Two new apps which will help people prove that they have been doubled jabbed against the coronavirus – and for venues to ‘verify’ those claims – are set to go live this month.

The NHS Scotland Covid Check verifier system will be available for venue operators to download on their smartphones from next week whilst the general public status app will be available from September 30.

The proof of vaccination scheme will officially go live on October 1 after politicians voted to impose new rules of entry based on Covid-19 jab status for nightclubs and ‘adult entertainment’ venues.

The rules mean vaccination certificates will also be required to enter music festivals, unseated indoor events with over 500 people, outdoor unseated events with over 4,000 and some football grounds. Any event of over 10,000 people – seated or unseated – will require certificates to be shown.

Staff at venues affected will be able to download a “verifier app” to a smartphone or device from next week, ahead of the launch, which will allow digital checks on the certification status of those attending.
Guidance will be provided for venues on how to use the app, along with options to integrate it into their own systems as the source code is open.

Health Secretary Humza Yousaf said: “We must do all we can to stem the rise in cases and vaccine certification will form part of a range measures which can help us to do this.

“It will only be used in certain higher risk settings and we hope this will allow businesses to remain open and prevent any further restrictions as we head into autumn and winter.

“We do not want to re-impose any of the restrictions that have been in place for much of this year as we all know how much harm they have caused to businesses, to education and to people’s general well-being. But we must stem the rise in cases.

“We want to ensure that as many people get vaccinated as possible and particularly to increase uptake in the younger age cohort, so anything that helps to incentivise that is helpful.

“I urge anyone over 16 to get vaccinated at their local drop-in clinic or through NHS Inform.

“Public behaviour, including key protective measures like face coverings, physical distancing, hand washing and isolating when necessary, continues to play a vital role in reducing the prevalence of the virus and helping us to emerge from the pandemic.”

The new scheme is not being introduced until all Scottish adults have had the opportunity to receive both doses of the vaccine and two weeks have passed to allow the vaccine take effect. The Scottish Government continues to work with sectors affected to ensure that a workable and proportionate scheme is developed.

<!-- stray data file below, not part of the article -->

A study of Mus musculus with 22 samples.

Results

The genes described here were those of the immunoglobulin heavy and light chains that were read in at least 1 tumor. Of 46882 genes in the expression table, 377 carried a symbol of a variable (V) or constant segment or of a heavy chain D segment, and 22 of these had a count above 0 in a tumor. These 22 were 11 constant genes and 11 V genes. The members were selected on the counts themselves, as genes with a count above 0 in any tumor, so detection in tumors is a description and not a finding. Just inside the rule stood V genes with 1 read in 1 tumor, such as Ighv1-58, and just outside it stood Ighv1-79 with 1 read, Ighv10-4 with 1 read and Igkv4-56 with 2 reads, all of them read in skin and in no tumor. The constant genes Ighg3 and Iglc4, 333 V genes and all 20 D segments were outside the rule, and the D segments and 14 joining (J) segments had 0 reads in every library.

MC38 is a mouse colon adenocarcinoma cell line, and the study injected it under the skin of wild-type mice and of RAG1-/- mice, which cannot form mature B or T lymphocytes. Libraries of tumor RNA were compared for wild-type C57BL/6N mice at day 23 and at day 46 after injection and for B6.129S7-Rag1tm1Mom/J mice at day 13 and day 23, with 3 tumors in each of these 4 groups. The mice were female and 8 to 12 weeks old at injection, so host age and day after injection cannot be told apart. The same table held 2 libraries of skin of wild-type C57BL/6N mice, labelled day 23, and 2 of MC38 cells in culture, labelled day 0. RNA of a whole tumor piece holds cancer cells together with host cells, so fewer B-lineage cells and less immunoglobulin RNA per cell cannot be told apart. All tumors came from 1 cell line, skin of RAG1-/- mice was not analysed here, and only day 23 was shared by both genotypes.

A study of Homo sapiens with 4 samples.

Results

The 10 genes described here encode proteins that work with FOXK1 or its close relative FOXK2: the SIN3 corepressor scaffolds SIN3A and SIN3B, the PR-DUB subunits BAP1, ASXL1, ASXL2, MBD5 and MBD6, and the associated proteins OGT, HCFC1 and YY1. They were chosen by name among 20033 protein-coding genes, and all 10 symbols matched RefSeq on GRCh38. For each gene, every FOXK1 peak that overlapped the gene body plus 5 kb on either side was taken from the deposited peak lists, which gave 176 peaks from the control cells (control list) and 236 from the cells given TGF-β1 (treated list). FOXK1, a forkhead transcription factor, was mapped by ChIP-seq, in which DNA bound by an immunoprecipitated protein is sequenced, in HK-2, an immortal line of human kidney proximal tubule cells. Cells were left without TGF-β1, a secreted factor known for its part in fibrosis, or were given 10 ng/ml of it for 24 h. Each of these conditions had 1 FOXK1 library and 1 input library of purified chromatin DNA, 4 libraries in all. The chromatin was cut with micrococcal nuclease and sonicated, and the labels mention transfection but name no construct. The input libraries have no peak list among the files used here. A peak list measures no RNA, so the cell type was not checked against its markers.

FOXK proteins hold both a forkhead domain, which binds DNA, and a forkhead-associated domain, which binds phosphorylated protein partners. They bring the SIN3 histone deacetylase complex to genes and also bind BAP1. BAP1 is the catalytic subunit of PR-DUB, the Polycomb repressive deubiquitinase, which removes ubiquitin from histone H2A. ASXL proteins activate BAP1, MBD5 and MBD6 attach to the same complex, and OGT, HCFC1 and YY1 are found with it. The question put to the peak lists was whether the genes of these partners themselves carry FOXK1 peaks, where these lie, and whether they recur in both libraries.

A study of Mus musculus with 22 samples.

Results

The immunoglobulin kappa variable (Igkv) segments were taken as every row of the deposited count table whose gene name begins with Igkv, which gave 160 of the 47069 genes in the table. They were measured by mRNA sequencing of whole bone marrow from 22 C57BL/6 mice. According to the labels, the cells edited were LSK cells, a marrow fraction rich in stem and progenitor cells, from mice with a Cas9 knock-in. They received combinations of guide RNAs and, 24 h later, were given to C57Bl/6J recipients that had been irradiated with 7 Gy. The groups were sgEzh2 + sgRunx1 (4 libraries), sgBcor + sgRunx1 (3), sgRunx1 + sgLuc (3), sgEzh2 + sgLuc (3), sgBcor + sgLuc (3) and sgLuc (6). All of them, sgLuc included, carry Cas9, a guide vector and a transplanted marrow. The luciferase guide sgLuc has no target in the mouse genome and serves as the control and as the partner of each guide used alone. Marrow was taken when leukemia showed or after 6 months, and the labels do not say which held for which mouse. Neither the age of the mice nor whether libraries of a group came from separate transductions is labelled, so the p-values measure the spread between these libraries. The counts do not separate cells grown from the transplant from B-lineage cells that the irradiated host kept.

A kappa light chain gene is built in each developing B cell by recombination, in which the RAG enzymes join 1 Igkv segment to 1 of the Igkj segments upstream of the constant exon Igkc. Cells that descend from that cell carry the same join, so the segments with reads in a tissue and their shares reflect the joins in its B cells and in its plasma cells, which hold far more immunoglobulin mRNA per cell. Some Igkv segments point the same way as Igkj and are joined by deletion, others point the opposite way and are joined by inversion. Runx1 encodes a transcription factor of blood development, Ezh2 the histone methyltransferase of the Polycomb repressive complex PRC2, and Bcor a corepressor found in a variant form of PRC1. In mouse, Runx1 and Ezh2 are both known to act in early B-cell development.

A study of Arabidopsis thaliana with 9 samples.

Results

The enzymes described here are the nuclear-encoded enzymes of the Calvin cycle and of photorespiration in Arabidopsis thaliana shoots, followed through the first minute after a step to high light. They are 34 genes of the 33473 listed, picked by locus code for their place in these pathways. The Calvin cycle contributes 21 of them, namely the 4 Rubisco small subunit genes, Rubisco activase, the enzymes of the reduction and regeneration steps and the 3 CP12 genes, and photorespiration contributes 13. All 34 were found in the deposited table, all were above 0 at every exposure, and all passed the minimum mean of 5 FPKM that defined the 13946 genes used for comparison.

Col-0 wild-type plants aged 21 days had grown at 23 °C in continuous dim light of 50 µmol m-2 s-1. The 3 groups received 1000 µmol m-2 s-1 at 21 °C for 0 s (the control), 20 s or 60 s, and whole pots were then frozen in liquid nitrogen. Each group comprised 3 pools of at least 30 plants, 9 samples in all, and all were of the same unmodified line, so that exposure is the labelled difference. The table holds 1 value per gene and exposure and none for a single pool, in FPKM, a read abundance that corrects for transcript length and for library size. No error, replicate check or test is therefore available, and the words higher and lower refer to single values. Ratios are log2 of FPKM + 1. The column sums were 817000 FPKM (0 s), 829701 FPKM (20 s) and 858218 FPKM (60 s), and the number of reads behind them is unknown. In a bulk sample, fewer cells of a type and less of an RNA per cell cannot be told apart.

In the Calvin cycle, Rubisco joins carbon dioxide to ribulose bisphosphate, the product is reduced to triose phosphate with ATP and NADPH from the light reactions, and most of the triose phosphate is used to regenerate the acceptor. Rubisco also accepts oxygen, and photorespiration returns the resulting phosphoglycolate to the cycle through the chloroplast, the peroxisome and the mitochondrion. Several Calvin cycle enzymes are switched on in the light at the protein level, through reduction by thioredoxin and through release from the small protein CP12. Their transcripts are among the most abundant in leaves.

Under 18s and adults who are ineligible for vaccination will be exempt.

There are currently no plans to introduce certification for the wider hospitality industry but this will be kept under review over the autumn and winter months.

From September 30, people will be able to use the NHS Scotland Covid Status App which also has a QR code, to access venues where certification is required. From this date the current downloadable PDF function will be switched off.

Anyone unable or unwilling to use the App can request a secure uneditable paper record of vaccination, with enhanced security features such as thermodynamic ink to prevent forgery.

The verifier app will be called ‘NHS Scotland Covid Check’.

However Scottish Liberal Democrat leader Alex Cole-Hamilton condemned the decision and said his party will continue to campaign for their abolition. 

Mr Cole-Hamilton warned the government that given the potential for those who have been vaccinated to still transmit the virus, vaccine passports would give people a false sense of security 

He said: “Scottish Liberal Democrats are fundamentally opposed to the introduction of mandatory vaccine certification on grounds both of ideology and of practicality.  

“In particular I am dismayed that on such a fundamental recalibration of our civil liberties, the Government have failed to produce any substantive detail for the introduction of these measures. 

“Practical problems seem to be endless and will affect virtually everyone. Business owners are left in the dark and will have to wait until the very last minute to discover whether they will have to ask for a Covid ID to their patrons. The system does not specify how it will handle those who received one or both doses outside Scotland, nor how it will handle the booster programme. It only leaves questions and confusion.   

“For the first time citizens will be asked to provide private medical data to a stranger, who is not their clinician, if they want to enjoy access to venues and services in our society. We know that the vaccines don’t stop you getting Covid, nor do they stop you passing it on but asking that everyone present a certificate before entry to a nightclub or a sports ground could give people to feel a false sense of security.